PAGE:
Having success investing in stocks doesn’t have to be difficult. In fact, employing a simple buy-and-hold strategy is one of the best ways to put your money to work.
However, even though we know we want to buy stocks low and sell them when they are high, we still need to identify the best companies and when to buy them.
If you’re wondering how to put a value on stocks and how you can learn to determine whether a company is undervalued, fairly valued, or overvalued, here are three popular methods.
Here’s one of the most popular methods of how to value stocks
In many cases, the best way, and understandably the most popular way, to value stocks is based on the company’s earnings both in the past and what it’s expected to do in the future. And for stocks that aren’t yet profitable, they are often valued by their sales.
Just looking at a stock’s price, or even its chart tells us little about how much the stock is worth and whether or not it’s undervalued. So, in order to put a value on stocks, we have to look at how much the company typically earns for investors and then weigh it against the risk the stock has.
For example, a super-low-risk stock such as Hydro One currently has a price-to-earnings (P/E) ratio of roughly 21 times. So, in theory, at the current rate of earnings (although Hydro One is constantly growing), it would take approximately 21 years for the company to earn what investors had to pay to buy it.
In contrast, a stock that the market is a lot more uncertain about, Corus Entertainment trades with a P/E ratio of 5.5 times. It’s much cheaper, but because investors think the stock has more risk, it may not actually achieve those earnings, which is why it trades at a discount.
Learning how to value stocks by their earnings and all the different valuation metrics that stocks in various industries are judged on is crucial. But often, it can only be one piece of the puzzle.
Here’s a quick and easy way to assess a stock’s value
While looking at the value of stocks based on their earnings, or at least their sales, is one way, comparing them to how their peers are trading can also help you to determine their price.
A stock may look cheap on a P/E basis compared to what it’s been valued at in the past. However, if it’s still well overvalued compared to its peers, it could have more downside potential.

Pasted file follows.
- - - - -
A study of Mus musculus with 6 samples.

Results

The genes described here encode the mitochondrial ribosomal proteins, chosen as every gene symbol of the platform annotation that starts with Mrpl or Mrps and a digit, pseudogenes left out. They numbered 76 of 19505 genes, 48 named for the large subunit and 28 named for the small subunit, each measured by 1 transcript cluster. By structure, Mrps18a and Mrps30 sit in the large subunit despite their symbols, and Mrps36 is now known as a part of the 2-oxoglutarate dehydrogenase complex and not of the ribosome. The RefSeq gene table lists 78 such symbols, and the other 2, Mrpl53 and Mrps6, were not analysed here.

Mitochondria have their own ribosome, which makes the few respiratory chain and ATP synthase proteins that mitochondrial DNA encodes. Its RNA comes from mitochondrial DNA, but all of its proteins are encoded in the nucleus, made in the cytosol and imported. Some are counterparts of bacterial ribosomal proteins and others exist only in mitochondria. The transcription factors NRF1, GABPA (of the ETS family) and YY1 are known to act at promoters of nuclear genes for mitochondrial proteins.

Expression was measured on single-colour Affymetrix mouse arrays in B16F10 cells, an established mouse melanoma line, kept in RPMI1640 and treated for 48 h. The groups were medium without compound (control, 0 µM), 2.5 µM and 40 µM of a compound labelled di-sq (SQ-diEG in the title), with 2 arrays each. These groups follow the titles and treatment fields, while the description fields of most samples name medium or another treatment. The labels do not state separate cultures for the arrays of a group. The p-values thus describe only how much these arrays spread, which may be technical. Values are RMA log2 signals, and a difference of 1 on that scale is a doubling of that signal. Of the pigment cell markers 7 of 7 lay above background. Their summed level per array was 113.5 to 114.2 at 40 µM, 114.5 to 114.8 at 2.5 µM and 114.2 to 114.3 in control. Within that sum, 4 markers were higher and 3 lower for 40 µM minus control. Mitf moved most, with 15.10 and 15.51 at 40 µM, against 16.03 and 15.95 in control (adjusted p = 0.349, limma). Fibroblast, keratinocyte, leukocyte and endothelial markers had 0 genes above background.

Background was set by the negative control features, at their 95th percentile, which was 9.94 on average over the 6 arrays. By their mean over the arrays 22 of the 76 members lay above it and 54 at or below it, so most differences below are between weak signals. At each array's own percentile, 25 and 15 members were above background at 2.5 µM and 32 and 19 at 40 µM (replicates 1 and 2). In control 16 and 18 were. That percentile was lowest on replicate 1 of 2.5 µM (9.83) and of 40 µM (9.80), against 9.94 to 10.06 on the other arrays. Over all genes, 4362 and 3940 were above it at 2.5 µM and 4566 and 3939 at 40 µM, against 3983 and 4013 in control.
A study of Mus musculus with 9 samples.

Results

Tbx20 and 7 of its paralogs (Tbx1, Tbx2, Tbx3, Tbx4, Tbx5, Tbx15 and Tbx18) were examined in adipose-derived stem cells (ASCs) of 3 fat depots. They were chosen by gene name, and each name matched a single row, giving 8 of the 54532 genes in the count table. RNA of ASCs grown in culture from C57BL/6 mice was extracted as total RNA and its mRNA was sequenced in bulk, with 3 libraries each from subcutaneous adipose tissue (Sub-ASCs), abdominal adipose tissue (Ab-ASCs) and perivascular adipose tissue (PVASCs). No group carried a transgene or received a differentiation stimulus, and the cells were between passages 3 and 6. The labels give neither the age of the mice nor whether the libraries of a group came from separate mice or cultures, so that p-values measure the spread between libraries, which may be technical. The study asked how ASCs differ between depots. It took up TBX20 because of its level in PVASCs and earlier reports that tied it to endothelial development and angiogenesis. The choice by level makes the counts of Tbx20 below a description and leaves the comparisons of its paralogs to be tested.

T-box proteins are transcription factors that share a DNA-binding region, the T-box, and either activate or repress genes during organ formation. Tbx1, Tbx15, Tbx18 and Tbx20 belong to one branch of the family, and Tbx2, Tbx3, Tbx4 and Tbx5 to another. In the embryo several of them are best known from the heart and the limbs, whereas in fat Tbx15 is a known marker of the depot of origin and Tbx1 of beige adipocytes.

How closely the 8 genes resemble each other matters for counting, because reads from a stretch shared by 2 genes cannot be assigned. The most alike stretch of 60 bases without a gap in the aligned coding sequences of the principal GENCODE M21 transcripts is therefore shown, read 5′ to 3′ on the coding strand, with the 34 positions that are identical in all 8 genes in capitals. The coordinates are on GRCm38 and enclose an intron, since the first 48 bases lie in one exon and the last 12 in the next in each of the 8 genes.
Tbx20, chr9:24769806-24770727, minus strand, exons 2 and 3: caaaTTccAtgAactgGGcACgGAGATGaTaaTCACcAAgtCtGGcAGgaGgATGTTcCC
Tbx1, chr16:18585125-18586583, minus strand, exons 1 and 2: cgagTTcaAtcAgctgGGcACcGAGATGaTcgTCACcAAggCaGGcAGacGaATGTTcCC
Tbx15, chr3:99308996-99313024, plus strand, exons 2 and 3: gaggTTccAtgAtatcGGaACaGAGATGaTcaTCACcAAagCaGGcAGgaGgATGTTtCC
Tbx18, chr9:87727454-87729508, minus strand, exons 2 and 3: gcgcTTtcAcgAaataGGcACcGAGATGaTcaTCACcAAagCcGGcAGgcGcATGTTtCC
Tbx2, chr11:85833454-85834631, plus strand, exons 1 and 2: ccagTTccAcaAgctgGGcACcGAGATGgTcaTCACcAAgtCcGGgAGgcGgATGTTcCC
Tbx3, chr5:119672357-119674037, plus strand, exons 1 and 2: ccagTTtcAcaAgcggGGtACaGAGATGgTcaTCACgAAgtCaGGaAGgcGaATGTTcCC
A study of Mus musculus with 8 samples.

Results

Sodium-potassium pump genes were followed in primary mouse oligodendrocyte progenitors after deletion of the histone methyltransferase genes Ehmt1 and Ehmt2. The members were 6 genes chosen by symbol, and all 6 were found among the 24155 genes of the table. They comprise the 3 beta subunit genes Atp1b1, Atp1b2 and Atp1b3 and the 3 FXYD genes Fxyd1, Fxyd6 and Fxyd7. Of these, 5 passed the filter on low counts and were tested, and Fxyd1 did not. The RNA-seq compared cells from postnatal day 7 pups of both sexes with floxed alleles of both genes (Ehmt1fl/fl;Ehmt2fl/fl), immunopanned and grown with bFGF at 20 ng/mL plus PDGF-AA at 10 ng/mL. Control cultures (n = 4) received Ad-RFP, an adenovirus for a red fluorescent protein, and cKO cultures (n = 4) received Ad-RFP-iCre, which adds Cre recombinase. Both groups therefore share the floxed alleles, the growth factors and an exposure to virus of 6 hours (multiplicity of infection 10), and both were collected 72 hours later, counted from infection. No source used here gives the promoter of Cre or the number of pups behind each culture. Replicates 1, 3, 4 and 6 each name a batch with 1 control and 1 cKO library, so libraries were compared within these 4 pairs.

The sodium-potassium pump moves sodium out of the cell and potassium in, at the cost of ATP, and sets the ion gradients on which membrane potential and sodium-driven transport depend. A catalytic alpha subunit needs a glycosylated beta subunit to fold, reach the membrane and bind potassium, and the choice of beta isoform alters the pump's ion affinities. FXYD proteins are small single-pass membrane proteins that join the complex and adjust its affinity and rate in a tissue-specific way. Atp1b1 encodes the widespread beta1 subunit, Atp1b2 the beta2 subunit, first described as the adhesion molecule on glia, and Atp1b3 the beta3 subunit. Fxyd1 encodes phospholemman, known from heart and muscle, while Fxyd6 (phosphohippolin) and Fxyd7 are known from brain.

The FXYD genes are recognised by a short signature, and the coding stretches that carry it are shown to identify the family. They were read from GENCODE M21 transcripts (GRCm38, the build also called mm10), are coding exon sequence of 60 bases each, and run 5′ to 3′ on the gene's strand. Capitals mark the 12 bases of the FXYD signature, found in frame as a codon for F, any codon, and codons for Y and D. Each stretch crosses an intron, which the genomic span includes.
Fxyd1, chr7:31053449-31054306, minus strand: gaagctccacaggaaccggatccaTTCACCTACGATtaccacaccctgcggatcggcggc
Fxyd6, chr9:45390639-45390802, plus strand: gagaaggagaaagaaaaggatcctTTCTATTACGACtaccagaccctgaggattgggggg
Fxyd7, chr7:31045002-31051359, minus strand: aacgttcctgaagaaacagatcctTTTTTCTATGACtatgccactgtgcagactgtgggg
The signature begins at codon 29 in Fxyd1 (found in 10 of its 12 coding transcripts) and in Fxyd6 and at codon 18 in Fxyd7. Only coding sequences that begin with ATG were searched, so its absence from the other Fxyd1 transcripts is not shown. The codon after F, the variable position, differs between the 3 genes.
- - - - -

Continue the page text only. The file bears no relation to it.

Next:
Conversely, if you find a stock that’s valued similarly to some of its competitors, but you’re confident it’s a better company, that stock should probably warrant a higher ratio and is likely undervalued.
It’s important to understand, too, that valuation levels across different sectors change based on the market environment. That’s why for months now, tech stocks across the board have gotten cheaper.
As the risk in markets rises and the cost of capital increases, the valuation for all tech stocks will fall. However, the highest-quality stocks will still warrant premium valuations compared to their peers.
A method used to value stocks in certain circumstances
In certain circumstances, and with some companies in particular industries, looking at a stock’s net asset value or adding up the sum of its parts can be useful.
As I mentioned above, a lot of times, the value of a stock will depend on its closest peers. However, in some cases, stocks are so unique and their operations are so diversified that putting a value on each of its segments and then adding up the sum of each segment is how you value the stocks.
In other sectors, such as banking, real estate or mining, while these stocks are still predominantly valued by their earnings, their net asset values are also taken into account.
This way, by having multiple methods for how to value stocks, investors and analysts can put a more accurate value on these businesses. So, the next time you’re researching a stock you want to buy, ensure you use multiple methods to determine if it’s undervalued.
The post Are You Wondering How to Value Stocks? Here Are 3 Popular Methods appeared first on The Motley Fool Canada.